We are delighted to introduce you to Book Bunk, the final in our series showcasing our newly Adopted Charities. Book Bunk are committed to restoring and reviving some of Kenya’s most iconic libraries. Book Bunk joined the Prospero World family in September 2020 after wowing us with their conviction that public libraries can become vibrant cultural hubs that are truly reflective of the community. 
Book Bunk is a registered Kenyan Charity established in 2017 in order to restore some of Nairobi’s most iconic public libraries so that they become sites of heritage, public art, collective memory, knowledge production, shared experiences, cultural leadership and information exchange. Book Bunk’s overall objective is to restore these public libraries and transform them into inclusive and usable spaces in Nairobi, thereby strengthening Kenya’s creative economy ecology. 
Book Bunk are working in partnership with the Nairobi City County government to direct the restoration of McMillan Memorial Library branches in Banda Street, Kaloleni and Makadara. They are responsible for sourcing and financial management, steering and management of architectural restoration and management of the three public library spaces including design and delivery of programming. 

In short, Book Bunk seek to reclaim public libraries for inclusive use by Nairobi’s residents and visitors, provide access to libraries on and offline collections, curate programmes and workshops, and incubate and fortify networks and partnerships within the creative sector. They will achieve this by focusing their work on three key areas.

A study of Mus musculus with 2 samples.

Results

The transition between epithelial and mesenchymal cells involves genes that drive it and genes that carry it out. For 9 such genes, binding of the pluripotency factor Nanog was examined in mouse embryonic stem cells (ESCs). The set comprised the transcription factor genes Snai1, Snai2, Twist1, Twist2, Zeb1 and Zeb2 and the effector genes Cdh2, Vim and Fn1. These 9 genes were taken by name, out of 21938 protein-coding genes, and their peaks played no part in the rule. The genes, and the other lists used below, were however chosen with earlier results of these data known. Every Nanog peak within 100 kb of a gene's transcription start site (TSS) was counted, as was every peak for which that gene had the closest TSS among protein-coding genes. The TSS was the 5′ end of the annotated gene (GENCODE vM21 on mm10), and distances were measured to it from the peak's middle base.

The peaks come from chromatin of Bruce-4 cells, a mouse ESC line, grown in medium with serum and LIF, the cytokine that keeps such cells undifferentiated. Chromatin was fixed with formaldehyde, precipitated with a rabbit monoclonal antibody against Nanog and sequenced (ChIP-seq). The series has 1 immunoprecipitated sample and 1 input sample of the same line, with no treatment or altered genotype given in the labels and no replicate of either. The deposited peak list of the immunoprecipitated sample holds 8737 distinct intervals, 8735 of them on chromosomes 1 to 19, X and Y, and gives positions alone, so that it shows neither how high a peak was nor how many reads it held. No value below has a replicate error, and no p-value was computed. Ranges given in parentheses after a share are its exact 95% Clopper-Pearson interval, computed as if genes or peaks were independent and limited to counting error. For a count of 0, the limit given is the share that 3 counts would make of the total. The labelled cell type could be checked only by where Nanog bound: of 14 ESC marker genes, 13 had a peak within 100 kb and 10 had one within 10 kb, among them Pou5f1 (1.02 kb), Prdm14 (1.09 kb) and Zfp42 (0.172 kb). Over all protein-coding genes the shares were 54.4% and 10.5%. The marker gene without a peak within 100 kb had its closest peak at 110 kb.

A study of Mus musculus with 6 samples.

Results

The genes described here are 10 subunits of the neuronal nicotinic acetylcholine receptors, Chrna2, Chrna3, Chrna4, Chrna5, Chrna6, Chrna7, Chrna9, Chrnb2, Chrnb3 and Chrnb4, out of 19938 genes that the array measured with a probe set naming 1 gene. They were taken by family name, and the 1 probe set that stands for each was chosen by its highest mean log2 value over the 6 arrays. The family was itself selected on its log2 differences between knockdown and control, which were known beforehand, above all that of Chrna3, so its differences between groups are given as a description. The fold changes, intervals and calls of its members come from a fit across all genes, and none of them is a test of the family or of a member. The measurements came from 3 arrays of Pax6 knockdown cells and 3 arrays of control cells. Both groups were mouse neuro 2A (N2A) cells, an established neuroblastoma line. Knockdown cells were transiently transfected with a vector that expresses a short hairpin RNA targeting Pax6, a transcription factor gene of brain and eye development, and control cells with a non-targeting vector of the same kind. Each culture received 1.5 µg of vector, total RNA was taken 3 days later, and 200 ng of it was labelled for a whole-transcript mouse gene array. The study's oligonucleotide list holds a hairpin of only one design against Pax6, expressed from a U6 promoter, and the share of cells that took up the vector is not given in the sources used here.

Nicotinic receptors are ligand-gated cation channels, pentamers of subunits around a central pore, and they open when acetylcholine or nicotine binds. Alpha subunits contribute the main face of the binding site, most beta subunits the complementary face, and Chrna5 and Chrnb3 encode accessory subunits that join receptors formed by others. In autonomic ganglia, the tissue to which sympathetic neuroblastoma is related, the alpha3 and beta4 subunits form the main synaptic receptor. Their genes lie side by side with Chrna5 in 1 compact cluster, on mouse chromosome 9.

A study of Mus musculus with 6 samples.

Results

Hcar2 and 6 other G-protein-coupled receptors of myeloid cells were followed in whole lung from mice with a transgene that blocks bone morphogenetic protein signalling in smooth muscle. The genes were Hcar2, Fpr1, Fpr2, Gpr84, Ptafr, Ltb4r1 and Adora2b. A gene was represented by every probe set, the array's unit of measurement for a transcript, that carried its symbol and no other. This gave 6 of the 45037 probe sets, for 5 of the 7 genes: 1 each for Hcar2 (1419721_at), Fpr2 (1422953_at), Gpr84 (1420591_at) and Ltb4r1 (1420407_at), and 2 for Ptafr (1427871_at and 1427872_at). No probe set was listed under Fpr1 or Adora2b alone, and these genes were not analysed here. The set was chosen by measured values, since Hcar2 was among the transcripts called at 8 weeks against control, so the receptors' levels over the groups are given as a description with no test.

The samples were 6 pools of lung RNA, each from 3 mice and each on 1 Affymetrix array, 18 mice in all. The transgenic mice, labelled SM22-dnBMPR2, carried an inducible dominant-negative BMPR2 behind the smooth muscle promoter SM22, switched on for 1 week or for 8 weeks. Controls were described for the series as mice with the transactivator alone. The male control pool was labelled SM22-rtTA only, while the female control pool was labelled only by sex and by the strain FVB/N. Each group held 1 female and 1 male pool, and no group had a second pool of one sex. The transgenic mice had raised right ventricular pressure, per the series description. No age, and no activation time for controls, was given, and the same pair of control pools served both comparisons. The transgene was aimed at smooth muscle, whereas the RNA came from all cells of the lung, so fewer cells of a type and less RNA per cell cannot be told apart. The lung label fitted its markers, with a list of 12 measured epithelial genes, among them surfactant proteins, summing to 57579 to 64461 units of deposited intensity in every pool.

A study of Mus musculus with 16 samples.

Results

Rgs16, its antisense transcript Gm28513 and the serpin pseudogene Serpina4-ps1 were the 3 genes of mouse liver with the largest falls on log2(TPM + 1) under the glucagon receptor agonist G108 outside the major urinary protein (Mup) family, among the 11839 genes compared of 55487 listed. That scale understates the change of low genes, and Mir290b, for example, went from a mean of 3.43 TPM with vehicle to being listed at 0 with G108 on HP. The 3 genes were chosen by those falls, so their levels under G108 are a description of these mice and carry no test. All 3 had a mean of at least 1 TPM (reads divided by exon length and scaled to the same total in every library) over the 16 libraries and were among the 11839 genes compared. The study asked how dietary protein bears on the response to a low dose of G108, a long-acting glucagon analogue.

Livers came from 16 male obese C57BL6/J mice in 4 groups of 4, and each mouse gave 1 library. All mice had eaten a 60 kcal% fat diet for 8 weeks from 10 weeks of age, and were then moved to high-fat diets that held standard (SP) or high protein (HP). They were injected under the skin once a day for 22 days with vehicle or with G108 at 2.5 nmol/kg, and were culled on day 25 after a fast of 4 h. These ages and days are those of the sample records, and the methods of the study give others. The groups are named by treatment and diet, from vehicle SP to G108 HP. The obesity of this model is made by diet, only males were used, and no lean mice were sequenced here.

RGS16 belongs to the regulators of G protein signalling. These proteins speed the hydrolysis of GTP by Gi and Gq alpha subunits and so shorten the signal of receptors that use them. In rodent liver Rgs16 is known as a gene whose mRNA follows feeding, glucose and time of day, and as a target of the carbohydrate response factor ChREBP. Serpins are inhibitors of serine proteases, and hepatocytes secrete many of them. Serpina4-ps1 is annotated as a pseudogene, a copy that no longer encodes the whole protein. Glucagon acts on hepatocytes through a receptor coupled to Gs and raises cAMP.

• Research and Inventory: Book Bunk began their inventory process in April 2019 and have since catalogued137,705 items at the three libraries. They are now actively pursuing partnerships for the digitisation of some of the most fragile items beginning with newspapers and photographs dating as far back as 1880. Their research suggests that the average user is under 35 who strongly wish for Wi-Fi and skills training workshops to be offered in the libraries. Book Bunk are also sourcing new titles for children with a focus on material by African authors. 

  • Public programming: In 2019, Book Bunk hosted 21 public events in partnership with local artists, writers and creative groups. This year, because of the pandemic, libraries have been closed. Book Bunk have responded by offering a digital programme of offerings that includes skills training workshops as well as artistic, cultural and creative offerings. 

  • Architecture: Phase 1 of the restorations at the Kaloleni branch were completed in May 2020 and phase 2 is currently underway. Book Bunk also began restoration work at the Eastlands branch (Makadara) in the Summer of 2020, and work is scheduled to begin in 2021, on the main branch on Banda Street, the oldest of the three branches, which opened in 1931. 


Their work has a strong focus on the public and seeks to benefit approx 150,000 individuals each year. This will include the following groups. 

  • Children (3-12yrs): Arts-based programming; storytelling sessions, arts and crafts activities, film screenings, school holiday music camps, homework clubs 

  • Young Adults and Youth (13-35yrs): Activities during extended library hours, film screenings, arts-based programming, skills training workshops 

  • Women (18-65yrs): skills training workshops and programming through partnerships with organisations specialising in cultural entrepreneurship, microfinance, financial iteracy, health and digital access 

  • Senior Citizens (65-85yrs): cultural programming and cross-generational learning and exchange 

  • Creative Community: access to library, archives, peer-to-peer learning, programme co-design/delivery, event space 


Book Bunk’s founder’s Wanjiru Koinange and Angela Wachuka, tell us more.